Bad Rock Peak, the middle peak. Early settlers Identified this trio, the Three Sisters.
Bad Rock Peak; aptly named for the rotten nature of its crumbling cap, is Idaho’s thirteenth highest summit, and although it sits quietly between Idaho’s SECOND and THIRD highest peaks, and has it’s own distinctive character, it sees very few visitors during the summer climbing season. There are many reasons for its unpopularity, but the top two are; its approach consists of either climbing over the top of Leatherman peak or following the standard route that takes one over and up vast amounts of loose talus and requires a return over the top of Leatherman, or up and out of the depths of Lone Cedar Creek’s upper basin. The other detractor; it’s not part one of the state’s nine summits over twelve thousand feet, and even though it sits between two that are, the fairly short ridge traverse from its summit to Mt. Church is blocked by sections of Class five climbing and has only been crossed a few times by confident and experienced climbers.
There are two standard approaches to the mountain #1 starts from the end of the road in Lone Cedar Creek and requires a fair amount of bushwhacking through willows and thorn bushes in a narrow, steep section of the canyon. Once through the narrows, the only obstacle between you and the saddle is a thousand feet of steep, loose talus that that turns 1000’ into 1,500’ of one foot gained = six inches lost.
The alternate approach through Sawmill canyon adds about ¾ of a mile but it avoids the bushwhack and most of it follows an old forest service trail that extends all the way to the Leatherman pass saddle. (see description below) Peak baggers planning to climb more than the nine over twelve shouldn’t pass up the opportunity of making the class 3 traverse from Leatherman to the summit of this reclusive hulk.
From the summit of Leatherman, its a fairly easy scramble down the south face to the start of the upper route.
The Ridge to Mt. Church, if not for this obstacle, Bad Rock Peak would be part of a well travled route that would connect leatherman to Donaldson peak and cover four of Idaho's 12,000' summits.
The standard route climbs the North West ridge from the saddle between Leatherman and Bad Rock and involves about 750’ of easy class three scrambling. There are a few route finding barriers but they are all bypassed on the north east side of the ridge. The saddle from Mt. Church to the summit is guarded by a much harder class 4 section of rotten rock.
The approach from Lone Cedar Creek:
Leatherman peak from the Lone Cedar creek Basin, the start of the route is the large saddle on the left side of the summit.
From Mackay, drive 11.4 miles northwest on Highway 93, toward Challis then turn right onto Lone Cedar Creek road. At the large ranch house, turn left off of the county maintained road and drive around the end of the wire fence, continue another mile up the canyon and park at the end of the road. Work your way through the narrows and into the upper basin. The route to the saddle becomes more and more obvious as you climb higher into the basin.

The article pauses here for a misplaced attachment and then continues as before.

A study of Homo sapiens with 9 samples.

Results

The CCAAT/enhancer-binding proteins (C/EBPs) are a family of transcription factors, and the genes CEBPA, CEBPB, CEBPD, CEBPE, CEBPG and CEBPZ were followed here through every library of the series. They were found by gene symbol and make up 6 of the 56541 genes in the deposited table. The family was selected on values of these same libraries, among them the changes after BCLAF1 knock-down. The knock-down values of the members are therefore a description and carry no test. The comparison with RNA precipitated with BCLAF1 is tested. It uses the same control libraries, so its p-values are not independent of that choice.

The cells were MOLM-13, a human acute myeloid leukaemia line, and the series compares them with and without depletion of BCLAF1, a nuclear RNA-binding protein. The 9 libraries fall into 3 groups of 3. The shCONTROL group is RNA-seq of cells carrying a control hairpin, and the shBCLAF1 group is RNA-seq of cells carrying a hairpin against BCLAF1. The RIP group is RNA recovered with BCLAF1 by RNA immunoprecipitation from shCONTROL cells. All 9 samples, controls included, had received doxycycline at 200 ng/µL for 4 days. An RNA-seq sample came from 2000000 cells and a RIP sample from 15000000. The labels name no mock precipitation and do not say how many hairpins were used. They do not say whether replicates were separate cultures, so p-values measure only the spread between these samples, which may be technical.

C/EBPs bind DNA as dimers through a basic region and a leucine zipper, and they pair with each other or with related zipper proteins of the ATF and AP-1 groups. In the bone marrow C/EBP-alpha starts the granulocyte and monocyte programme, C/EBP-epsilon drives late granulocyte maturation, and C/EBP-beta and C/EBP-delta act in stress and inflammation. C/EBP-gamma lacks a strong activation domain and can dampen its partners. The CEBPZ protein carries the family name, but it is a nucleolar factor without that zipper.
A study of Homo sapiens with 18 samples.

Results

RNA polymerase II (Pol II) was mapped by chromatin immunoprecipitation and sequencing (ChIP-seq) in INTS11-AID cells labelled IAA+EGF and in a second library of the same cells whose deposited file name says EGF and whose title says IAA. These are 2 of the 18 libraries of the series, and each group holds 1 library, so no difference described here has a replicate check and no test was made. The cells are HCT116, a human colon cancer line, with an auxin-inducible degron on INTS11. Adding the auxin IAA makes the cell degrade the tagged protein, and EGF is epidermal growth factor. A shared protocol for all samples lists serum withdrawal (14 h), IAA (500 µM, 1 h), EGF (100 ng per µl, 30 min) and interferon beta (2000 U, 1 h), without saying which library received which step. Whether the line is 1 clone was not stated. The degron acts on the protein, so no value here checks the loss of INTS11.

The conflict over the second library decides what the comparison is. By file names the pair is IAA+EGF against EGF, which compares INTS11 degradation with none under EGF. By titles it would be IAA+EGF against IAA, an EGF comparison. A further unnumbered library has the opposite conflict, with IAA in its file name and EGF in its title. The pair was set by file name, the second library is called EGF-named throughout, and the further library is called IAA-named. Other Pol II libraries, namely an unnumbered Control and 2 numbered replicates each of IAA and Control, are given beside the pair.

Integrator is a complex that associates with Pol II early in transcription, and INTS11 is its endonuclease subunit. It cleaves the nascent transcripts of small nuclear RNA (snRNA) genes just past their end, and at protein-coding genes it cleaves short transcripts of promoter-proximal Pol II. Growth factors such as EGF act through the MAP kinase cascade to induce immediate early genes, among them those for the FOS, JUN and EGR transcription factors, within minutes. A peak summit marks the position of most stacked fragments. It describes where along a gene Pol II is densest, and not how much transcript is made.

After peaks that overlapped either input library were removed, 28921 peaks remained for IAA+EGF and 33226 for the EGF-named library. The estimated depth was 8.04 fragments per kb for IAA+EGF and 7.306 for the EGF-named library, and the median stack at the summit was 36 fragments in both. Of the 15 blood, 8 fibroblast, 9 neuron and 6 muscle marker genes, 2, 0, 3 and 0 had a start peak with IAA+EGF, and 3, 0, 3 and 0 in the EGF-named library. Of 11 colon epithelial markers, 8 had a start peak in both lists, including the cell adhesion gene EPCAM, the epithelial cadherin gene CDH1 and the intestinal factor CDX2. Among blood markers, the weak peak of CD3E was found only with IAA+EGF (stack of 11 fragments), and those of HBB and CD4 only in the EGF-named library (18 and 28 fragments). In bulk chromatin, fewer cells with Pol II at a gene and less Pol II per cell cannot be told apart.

White Cap Peak and the upper section of the Sawmill Gulch route
The approach from Sawmill Gulch:
From Mackay, drive 13 miles northwest on Highway 93, toward Challis, then turn right at the Sawmill Gulch jeep road. A high clearance 4WD will take you to the first switchback about 2.8 miles in. park there and located the old trail in the trees on the south side of the road. When you reach the end of the plateau at about 9,700’ you can see Leatherman pass and the head of Lone cedar creek canyon. Drop down into the canyon to the end of the approach or climb up and over Leatherman””” peak by its standard West ridge route.
The Salmon-Challis National Forest has seen a dramatic increase in the popularity of OHVs in the last decade and they are currently working on updating their travel plan. Please pick up a Challis National forest service travel map to see what roads are open and where they are closed. these maps are free and available at most convenience stores in Mackay as well as the Forest Service office located on Highway 93 in Mackay.
The nearest decent area to camp is at the Borah trailhead. In the summer season, you’ll likely be able to network with other climbers staying there, unfortunately there is no water so don’t forget to stock up! The elevation there is 7,200 feet. No reservations are necessary and no fee is required.
To get there from Mackay: Take U.S. Highway 93 21 miles north of Mackay to the Borah Peak Access Road (Birch Springs Road). This is between mileposts 129 and 130. Follow this road east for 3.0 miles to the trailhead.
Take U.S. Highway 93 south of Challis 33 miles to the Borah Peak Access Road. This is between mileposts 129 and 130. Follow this road east for 3.0 miles to the trailhead.
In good weather, the road is fine for most passenger cars. Reach a flat parking area and a climber's trailhead. The trailhead is unmarked, but is obvious from the parking area. The trail leaves from the uphill side (east) of the parking lot.